The twentieth-century brought an astonishing number of advances to the human world – scientific, technological, and agricultural. It was also a century of appalling violence, the most destructive in human history. An estimated 167 million to 188 million people died at the hands of their brothers.
The century that put communism, fascism, and nationalism on the map also saw the invention of highly efficient weaponry and a willingness to direct it against civilian populations on a massive scale.
Do we understand what could happen to us on American soil – tragedies more devastating than anything we have experienced since the Civil War? How easily we ignore the warnings!
At this historic turning-point we can least afford a repetition of the world’s destructive past. Only a strong America, just and wise and levelheaded, can lead a disrupted world back to stability and peace.
In his book, “The War of the World: Twentieth-Century Conflict and the Descent of the West”, the historian Niall Ferguson, who I have introduced to you previously, is explicit:
“The hundred years after 1900 were without question the bloodiest century in modern history, far more violent in relative as well as absolute terms than any previous era…. There was not a single year before, between or after the world wars that did not see large-scale violence in one part of the world or another.”
Niall Ferguson’s observations are useful because he departs from the typical explanations that blame weaponry and fascist governments, as significant as these were. Instead he identifies the true causes as ethnic conflict, economic volatility, and declining empires.
In short, he reminds us of our human vulnerability to fear, emotional insecurity, and tribalism.
The convergence of multiple crises I have been writing about here involve all these things, but also newly emerging threats that most of us have not seen coming.
These include an extremely fragile, interdependent banking system, depleted natural resources, the rapid loss of farmland and collapsing aquifers, and the degradation of critical environmental ecosystems.
Run-away technology is rapidly outpacing the maturity of human moral competence.
In every case, the challenges we face as individuals and families rarely come into focus until we consider their local implications.
And, as Dr. Ferguson points out, it is the anxiety of people under pressure that leads to social deterioration and violence.
Long-time readers know my views. In the extremes of social and economic stress, it is my belief that local communities are the only place where we have the freedom and opportunity to take control of our lives in a civilized manner.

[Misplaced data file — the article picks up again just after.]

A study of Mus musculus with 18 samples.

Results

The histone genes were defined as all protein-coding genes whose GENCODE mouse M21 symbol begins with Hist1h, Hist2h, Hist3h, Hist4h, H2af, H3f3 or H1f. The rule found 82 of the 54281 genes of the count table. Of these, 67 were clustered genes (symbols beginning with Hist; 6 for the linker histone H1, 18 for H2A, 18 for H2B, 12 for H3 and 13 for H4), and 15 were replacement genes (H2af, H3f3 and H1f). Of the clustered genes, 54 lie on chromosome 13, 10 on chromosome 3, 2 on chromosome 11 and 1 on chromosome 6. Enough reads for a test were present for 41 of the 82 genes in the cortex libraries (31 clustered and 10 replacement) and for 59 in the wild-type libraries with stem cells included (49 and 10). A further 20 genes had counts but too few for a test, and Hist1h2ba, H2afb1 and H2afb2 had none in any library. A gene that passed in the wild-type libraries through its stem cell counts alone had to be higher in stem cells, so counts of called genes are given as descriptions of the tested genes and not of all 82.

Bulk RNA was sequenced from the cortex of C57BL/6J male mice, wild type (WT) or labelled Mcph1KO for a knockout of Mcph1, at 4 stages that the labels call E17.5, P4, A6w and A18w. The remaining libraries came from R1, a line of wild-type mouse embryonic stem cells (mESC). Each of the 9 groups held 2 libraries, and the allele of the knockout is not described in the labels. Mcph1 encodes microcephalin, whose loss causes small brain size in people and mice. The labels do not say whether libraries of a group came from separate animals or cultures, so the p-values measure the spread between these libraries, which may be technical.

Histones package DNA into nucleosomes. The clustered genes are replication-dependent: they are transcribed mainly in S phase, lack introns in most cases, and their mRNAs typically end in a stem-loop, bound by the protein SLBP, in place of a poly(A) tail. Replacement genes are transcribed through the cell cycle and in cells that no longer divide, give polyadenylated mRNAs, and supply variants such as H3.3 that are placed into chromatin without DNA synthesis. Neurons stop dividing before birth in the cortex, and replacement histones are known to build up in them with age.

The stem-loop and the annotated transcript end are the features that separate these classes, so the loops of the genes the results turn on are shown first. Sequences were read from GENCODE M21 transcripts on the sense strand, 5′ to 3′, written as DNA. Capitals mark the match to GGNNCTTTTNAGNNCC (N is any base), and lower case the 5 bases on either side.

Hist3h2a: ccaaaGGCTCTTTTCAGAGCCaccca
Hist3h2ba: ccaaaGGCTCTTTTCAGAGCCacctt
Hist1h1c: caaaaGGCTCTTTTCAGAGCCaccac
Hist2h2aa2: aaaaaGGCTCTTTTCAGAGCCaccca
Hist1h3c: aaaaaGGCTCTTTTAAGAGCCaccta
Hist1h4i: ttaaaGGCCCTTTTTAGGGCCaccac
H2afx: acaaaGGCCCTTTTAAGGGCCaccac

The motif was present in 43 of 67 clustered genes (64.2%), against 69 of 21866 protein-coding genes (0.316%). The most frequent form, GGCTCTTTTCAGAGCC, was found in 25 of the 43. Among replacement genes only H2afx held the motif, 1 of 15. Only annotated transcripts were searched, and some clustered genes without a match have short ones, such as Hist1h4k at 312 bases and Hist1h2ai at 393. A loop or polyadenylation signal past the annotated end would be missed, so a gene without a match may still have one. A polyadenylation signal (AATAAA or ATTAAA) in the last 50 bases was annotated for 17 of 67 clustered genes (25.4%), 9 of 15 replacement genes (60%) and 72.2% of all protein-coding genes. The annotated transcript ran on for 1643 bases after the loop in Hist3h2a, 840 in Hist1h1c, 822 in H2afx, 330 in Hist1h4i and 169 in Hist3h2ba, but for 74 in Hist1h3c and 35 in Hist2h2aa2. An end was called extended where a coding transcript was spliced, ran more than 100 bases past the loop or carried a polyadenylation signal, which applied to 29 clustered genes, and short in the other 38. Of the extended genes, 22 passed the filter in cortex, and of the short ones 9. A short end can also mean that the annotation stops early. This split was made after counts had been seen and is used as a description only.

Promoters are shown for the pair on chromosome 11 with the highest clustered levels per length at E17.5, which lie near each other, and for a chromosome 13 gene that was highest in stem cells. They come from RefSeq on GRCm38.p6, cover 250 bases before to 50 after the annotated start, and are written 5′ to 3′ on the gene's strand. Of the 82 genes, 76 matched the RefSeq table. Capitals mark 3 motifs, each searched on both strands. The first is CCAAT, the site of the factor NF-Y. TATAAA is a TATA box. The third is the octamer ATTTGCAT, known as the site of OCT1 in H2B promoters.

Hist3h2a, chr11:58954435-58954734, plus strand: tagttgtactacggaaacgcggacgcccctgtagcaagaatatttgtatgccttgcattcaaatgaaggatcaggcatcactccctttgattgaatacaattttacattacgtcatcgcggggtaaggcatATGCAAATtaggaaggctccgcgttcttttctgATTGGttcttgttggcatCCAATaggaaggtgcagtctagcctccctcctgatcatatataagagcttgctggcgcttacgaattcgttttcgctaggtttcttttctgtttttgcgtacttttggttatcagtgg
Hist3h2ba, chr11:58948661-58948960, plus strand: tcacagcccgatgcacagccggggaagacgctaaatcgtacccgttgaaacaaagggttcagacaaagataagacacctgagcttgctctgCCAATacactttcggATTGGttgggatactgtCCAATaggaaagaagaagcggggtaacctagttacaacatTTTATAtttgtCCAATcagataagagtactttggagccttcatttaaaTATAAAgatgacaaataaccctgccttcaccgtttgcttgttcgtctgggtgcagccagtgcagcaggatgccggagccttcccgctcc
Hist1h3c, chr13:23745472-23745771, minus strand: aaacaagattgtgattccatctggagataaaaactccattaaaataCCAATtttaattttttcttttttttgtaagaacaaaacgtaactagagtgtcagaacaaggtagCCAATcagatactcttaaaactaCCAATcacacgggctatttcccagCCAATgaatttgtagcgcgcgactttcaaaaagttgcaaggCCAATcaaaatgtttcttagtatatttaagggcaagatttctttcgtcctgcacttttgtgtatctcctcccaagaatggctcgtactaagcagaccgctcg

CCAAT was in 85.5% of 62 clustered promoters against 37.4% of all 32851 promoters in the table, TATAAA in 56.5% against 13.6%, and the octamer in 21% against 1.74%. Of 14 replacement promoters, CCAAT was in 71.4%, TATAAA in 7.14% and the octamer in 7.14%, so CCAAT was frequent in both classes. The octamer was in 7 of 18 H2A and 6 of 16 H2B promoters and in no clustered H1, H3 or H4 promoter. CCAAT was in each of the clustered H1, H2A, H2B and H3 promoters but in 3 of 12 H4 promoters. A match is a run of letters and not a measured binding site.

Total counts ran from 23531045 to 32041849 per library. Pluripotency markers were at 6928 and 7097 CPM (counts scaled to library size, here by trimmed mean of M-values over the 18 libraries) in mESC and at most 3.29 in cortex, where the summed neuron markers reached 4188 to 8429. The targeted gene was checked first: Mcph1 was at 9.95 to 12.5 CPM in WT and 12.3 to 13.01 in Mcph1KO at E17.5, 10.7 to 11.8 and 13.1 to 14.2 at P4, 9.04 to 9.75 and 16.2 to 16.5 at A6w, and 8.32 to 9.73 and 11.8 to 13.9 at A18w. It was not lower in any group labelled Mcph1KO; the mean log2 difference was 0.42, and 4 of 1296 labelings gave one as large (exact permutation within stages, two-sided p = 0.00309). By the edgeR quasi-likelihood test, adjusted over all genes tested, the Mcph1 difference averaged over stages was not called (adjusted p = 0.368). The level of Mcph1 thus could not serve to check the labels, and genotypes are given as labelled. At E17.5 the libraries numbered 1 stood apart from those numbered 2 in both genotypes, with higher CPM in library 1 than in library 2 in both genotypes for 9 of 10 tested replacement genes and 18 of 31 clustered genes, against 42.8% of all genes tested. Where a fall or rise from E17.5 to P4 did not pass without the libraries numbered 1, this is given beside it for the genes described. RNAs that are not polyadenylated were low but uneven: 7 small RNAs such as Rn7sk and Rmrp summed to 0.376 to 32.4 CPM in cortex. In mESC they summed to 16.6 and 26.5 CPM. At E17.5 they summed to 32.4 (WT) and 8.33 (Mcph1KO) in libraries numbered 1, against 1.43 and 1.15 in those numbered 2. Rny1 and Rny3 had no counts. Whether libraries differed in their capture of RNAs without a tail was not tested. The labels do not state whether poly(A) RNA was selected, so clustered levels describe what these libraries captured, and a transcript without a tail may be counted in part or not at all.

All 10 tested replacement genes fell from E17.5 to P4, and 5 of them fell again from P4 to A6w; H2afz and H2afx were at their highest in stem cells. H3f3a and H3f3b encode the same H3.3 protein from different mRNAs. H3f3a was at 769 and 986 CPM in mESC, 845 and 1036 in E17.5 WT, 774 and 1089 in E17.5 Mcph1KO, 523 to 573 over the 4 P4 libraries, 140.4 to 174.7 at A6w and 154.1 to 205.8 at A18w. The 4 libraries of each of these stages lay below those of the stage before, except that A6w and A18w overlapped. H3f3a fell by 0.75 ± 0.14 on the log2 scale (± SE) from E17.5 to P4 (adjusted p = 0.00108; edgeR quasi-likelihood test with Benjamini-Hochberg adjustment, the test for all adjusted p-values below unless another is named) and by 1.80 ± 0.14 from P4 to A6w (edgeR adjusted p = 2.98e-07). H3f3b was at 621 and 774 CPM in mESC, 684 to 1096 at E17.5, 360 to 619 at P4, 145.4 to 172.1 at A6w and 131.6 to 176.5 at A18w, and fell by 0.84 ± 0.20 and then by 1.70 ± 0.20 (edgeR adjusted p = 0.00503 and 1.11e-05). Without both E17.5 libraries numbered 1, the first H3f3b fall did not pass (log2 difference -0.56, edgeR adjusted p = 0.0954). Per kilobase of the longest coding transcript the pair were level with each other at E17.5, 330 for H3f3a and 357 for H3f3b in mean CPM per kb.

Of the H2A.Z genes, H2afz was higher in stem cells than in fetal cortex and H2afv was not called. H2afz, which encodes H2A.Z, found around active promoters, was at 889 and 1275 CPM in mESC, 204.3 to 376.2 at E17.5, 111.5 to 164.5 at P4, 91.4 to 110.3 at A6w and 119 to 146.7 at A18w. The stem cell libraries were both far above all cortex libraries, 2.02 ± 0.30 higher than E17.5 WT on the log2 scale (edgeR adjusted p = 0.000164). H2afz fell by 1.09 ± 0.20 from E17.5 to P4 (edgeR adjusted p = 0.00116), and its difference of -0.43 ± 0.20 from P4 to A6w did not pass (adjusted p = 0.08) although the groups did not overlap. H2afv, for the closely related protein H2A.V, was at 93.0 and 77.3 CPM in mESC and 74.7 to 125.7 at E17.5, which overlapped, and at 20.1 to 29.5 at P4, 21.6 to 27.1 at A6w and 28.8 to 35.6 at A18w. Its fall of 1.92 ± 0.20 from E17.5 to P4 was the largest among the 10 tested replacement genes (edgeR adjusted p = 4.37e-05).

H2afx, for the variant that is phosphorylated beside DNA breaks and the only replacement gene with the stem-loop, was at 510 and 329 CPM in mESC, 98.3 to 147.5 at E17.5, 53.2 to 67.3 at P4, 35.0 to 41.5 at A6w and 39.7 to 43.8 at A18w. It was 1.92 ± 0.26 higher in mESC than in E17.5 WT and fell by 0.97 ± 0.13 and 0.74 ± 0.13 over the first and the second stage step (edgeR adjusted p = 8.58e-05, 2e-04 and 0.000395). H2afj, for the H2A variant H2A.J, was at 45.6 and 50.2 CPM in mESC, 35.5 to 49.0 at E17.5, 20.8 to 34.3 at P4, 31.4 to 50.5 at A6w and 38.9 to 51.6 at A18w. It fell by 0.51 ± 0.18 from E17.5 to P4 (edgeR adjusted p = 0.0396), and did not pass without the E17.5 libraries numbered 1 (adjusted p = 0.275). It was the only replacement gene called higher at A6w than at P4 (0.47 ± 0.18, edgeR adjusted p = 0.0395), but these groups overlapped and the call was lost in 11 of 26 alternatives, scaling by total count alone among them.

The difference between a disrupted past and a secure future will depend entirely on the manner in which we address problems with our neighbors and manage our local affairs.
We cannot completely wall-out the chaos of the world, but we can accept personal responsibility for the unity and well-being of our communities.
The distinction between past and future will be determined by dependable relationships, respectful attitudes, and giving a helping hand.
Building trust with neighbors and cooperating to meet shared needs are personal choices that lead to safety.
As we work together shoulder-to-shoulder, we can begin to know, understand, and influence one another. The lessons of civility and cooperation to be learned here will serve us well as a nation.
Yes, we need to be realistic— Many people remain crippled by dogmatic prejudices. This is unlikely to change until we are forced to address the essential needs that we face together in a disintegrating social order.
Patience and determination will then make many things possible as never before. Necessity sharpens the mind and invigorates the will.
Distrust and alienation are diminished as we identify common concerns and work in service to common needs.
And what of our common purpose?
Ultimately, in my view, our first priority must be the survival of the United States as a constitutional republic. The future depends on this.
Let us seek a strengthening respect for the Constitution and the cooperative form of governance it requires.
It is the Constitution that has allowed us gradual progress, an advancing strength toward unity, justice and inclusive fairness for more than 200 years
Dear readers: I will be taking a short break— Please watch for the next post on or about December 17. New readers will find a project description, an introduction to the coming book, and several working drafts of early chapters linked at the top of this page.